The next “Slavery in Global Cinema” film series screening will feature two films Thursday, Nov. 18, at 7 p.m. in 2520D UCC. The event is free and open to the public.
This series from the University of Iowa Obermann Center for Advanced Studies allows audiences to explore the history and meaning of slavery practices through a variety of documentaries, feature-length films and personal accounts by filmmakers.
This week’s films are:
Palenque: Un Canto (1992) 48 min. The descendants of African rebel slaves in the village of San Basilio de Palenque, in Colombia, preserve and maintain the culture of their African forebears in their music, dance and other aspects of their social lives. This very personal film provides both an historical account of their situation as well as sensitive documentation of their day-to-day struggles. Directed by Maria Raquel Bozzi.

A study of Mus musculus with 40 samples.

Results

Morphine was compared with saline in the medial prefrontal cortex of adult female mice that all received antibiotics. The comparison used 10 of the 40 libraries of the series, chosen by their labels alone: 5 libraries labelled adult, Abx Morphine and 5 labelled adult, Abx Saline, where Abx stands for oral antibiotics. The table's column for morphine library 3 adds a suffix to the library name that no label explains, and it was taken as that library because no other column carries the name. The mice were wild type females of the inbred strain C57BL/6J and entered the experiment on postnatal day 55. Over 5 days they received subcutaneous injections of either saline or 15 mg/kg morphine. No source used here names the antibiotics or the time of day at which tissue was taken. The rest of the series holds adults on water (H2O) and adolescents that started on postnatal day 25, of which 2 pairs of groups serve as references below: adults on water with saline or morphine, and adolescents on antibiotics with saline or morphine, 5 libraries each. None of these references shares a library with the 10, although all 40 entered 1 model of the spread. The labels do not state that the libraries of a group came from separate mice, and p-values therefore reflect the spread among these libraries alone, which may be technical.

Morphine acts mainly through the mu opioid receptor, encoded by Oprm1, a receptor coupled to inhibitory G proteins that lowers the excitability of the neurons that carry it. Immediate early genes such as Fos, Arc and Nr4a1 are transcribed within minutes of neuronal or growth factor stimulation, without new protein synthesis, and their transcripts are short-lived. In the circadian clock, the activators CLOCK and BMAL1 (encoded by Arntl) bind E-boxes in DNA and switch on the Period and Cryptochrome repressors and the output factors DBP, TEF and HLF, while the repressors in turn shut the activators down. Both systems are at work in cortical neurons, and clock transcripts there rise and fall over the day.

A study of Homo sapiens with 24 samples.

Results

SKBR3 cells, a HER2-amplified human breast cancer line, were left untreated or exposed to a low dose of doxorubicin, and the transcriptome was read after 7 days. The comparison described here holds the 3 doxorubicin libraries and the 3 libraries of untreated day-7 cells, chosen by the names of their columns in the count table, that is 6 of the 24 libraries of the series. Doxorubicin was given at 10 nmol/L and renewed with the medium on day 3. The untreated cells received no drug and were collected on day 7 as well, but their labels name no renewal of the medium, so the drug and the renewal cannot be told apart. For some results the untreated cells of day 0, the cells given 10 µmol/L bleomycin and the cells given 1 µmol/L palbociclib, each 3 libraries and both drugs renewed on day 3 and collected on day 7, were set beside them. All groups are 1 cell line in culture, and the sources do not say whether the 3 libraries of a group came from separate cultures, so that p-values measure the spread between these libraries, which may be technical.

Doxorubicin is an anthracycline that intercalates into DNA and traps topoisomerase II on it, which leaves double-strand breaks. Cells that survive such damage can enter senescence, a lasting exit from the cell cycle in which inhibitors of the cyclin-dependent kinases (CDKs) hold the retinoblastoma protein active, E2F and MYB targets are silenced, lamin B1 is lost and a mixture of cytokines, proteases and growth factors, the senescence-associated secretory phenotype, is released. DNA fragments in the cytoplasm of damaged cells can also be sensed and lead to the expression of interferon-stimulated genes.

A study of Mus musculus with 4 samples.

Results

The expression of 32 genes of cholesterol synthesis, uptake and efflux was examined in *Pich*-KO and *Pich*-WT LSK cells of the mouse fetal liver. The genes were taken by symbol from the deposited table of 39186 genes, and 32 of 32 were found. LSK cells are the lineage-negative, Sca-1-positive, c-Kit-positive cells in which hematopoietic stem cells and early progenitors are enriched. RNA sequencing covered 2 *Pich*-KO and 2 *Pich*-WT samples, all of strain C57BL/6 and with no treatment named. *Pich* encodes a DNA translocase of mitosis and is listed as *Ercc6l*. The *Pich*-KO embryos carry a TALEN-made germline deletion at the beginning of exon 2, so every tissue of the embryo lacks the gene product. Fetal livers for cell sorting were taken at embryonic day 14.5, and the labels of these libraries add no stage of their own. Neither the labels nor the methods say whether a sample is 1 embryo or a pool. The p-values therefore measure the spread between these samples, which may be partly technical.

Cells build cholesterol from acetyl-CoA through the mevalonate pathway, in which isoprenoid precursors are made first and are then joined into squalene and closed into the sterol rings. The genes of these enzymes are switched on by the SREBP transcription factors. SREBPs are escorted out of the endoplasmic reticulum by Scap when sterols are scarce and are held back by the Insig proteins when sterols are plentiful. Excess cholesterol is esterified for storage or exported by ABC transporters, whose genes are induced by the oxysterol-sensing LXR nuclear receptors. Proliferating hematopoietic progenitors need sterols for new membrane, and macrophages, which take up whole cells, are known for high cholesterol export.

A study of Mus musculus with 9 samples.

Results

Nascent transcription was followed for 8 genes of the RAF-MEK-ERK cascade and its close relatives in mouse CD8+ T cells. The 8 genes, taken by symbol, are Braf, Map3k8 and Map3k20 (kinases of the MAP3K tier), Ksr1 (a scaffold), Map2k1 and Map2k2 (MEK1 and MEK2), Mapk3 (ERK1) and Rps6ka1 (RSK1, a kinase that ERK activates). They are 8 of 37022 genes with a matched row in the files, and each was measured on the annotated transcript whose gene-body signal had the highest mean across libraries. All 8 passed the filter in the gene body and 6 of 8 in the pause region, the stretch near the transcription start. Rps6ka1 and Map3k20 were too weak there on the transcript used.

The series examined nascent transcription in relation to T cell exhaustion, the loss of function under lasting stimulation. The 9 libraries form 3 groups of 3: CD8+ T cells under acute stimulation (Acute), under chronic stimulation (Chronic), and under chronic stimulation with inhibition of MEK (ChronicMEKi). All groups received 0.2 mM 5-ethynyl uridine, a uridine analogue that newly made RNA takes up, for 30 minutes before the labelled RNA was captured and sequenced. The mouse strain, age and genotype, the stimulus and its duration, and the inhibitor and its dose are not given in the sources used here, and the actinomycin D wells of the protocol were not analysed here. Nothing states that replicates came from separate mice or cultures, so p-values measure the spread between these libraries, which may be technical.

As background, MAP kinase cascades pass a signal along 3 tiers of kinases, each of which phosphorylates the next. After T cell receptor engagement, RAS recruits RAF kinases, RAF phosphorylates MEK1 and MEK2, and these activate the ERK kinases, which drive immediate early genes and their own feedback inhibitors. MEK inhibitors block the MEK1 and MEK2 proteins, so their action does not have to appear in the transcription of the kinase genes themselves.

Candombe (1993) 16 min. This documentary explores the contemporary culture of Uruguayan descendants of slaves from Africa. Fernando Núñez, a black man, a musician, and a maker of drums, sees himself as the heir to “Candombe,” an important social and cultural legacy from his slave forefathers. Although the official history and culture of Uruguay has never acknowledged the cultural significance of Candombe, Núñez and his friends from the Barrio Sur back street quarter of Montevideo fight to keep these important cultural roots alive in the consciousness of the Uruguayan people. Spanish with English subtitles. Directed by Rafael Deugenio.
UI professors Elke Stockreiter, Catherine Komisaruk and Leslie Schwalm, all from the UI Department of History in the College of Liberal Arts and Sciences and specialists in the study of slavery, will introduce each film.